White Noise borrows much from the successful cycle of modern horror films. There is a tremendous likeness to both The Ring and FearDotCom. The use of a television screen for eerie f/x and a few shocks reminds us of the former, while the torture of the kidnapped victim in industrial and dank surroundings is taken right out of the latter. White Noise has some wonderfully disturbing moments. The atmosphere is rank with just enough possibility to be truly scary at times. Michael Keaton adds that element of respectability and believability which carries a weak script much farther than it deserves. I should also point out that the cinematography is simply brilliant. Transitions are masterfully crafted into a stunning visual experience. I expected this film to disappoint and it did; however, it was not quite the disaster I was anticipating.
The idea of EVP, Electronic Voice Phenomenon, has been around since about the 1970’s. The film’s use of the television is a new fictional wrinkle that obviously makes for more compelling drama. White Noise quickly leaves the arena of the EVP world and enters a mythos of its very own. It is this diversion that creates the biggest problems I have with the film. It seems Keaton sees not only dead folks but those soon to be dead. We are never given any explanation as to how this new development occurs. Normally that’s not a problem, but the film appears to go to great lengths to make sure we understand the principles of EVP, then fails us once the story ventures into new ground. The ending is a completely unsatisfying. I don’t need to be told everything, but would like to have more answers than questions when the credits roll. It seems three really bad dead guys are pissed off, but we never find out who they are or why they’re so angry.
Jonathan Rivers (Keaton) seems to have a perfect life. He’s a hugely successful architect and is married to a wonderful and famous wife (West). His life changes when his wife disappears and is later found dead. A stranger stalks him and eventually reveals that he has been communicating with Rivers’ dead wife. Skeptical at first, Rivers eventually becomes obsessed with Electronic Voice Phenomenon, which appears to allow communication with the dead. Of course, there are costs.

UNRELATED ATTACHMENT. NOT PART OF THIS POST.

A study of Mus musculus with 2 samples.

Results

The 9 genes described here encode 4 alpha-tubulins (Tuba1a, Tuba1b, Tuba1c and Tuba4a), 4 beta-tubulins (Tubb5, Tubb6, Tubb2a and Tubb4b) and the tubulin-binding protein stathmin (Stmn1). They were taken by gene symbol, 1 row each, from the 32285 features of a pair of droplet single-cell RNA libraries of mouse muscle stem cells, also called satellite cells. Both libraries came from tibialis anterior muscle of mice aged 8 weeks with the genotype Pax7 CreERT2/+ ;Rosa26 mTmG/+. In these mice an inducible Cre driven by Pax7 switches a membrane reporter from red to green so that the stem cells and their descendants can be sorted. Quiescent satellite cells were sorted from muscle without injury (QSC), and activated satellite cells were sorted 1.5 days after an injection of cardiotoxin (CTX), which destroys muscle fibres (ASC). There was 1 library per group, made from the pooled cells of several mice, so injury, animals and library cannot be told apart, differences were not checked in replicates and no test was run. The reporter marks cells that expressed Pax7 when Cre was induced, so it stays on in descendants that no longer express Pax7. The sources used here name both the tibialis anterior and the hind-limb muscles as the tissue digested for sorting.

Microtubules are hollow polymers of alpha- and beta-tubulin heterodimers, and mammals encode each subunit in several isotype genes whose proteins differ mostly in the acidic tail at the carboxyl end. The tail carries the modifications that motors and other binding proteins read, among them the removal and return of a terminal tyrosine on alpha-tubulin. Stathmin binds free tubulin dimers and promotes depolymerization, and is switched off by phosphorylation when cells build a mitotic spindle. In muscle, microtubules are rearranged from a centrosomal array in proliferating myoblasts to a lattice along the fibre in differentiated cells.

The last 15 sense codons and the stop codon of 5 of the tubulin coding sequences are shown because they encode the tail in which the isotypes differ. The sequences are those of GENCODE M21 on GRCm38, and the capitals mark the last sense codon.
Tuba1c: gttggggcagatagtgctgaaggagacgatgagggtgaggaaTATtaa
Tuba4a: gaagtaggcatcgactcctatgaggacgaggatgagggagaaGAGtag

The Dolby Digital 5.1 track is very soft. I had to really crank up my system to get any volume. The subs appeared to be stagnant throughout. At first I suspected a problem with the system until I began to watch the extras and nearly blasted myself out of my home theatre seat. Ambient sounds are impressive as far as separation and use of rears is concerned. Dialogue is clear and centered, but you really need to turn it up. I ran my amp at three times the normal settings. I suppose the soft sound did make the “jump” moments a bit more effective.
White Noise is presented in a beautiful aspect ratio of 2.35:1. This print is nearly flawless. Colors are not bright but are incredibly sharp. Blacks are about as deep and shadows as detailed as I’ve seen. Blue tints dominate some of the night shots, and this effect is reproduced admirably here. There isn’t a trace of grain or artifact of any kind. This is one of those transfers that seem worth watching even if the film itself is sub par. You could balance a monitor with this DVD.
Surprisingly, none of the extras, with the exception of the mentioned commentary and a handful of deleted scenes, have anything to do with the making of this film.The deleted scenes appear to add nothing and are not fully produced. There seems to be little if any foley work on any of them.
“Making Contact: EVP Experts” Even though another feature tells us we’ll hear actual recordings more of them are to be found on this feature. You’ll meet folks grieving over lost loved ones who have managed to capture what they believe to be their voices on tape after they died. Mostly the messages amount to “I’m OK” or “I’m alive” types of short phrases.
“Recording The Afterlife At Home” OK, so you’ve seen the film and want to get some pointers from grandpa about cooking his famous meatballs. The only problem is Grandpa hasn’t been alive for a few years. Well. You’re in luck. It seems all you need is a cheap cassette recorder and some running water and before you know it you’ll be munchin’ on that lost recipe in no time. At least that’s what this feature would like you to believe.Me, I’m still waiting on that recipe.
Finally “Hearing Is Believing: Actual EVP Recordings” follows a couple of con artists through a haunted house as they collect moving messages from the beyond. Good for a laugh.
It seems everyone these days is talking to dead people. Since the trend-setting The Sixth Sense,” talking with dead folks is a regular industry both on film and on network television where there will be at least two new series next year on the subject. White Noise and its advertising campaign claims to offer the “real thing”.
OK. In case you haven’t figured it out yet, I’m a skeptic. Hopefully you’re not thinking of buying this DVD for pointers on chatting with a few old relatives. I’d say it’s a harmless rental for those rainy nights when there’s nothing else on. Keaton fans will enjoy him in a little bit of a different role. If you happen to catch Aunt Mary on channel 2? “It happens sometimes.”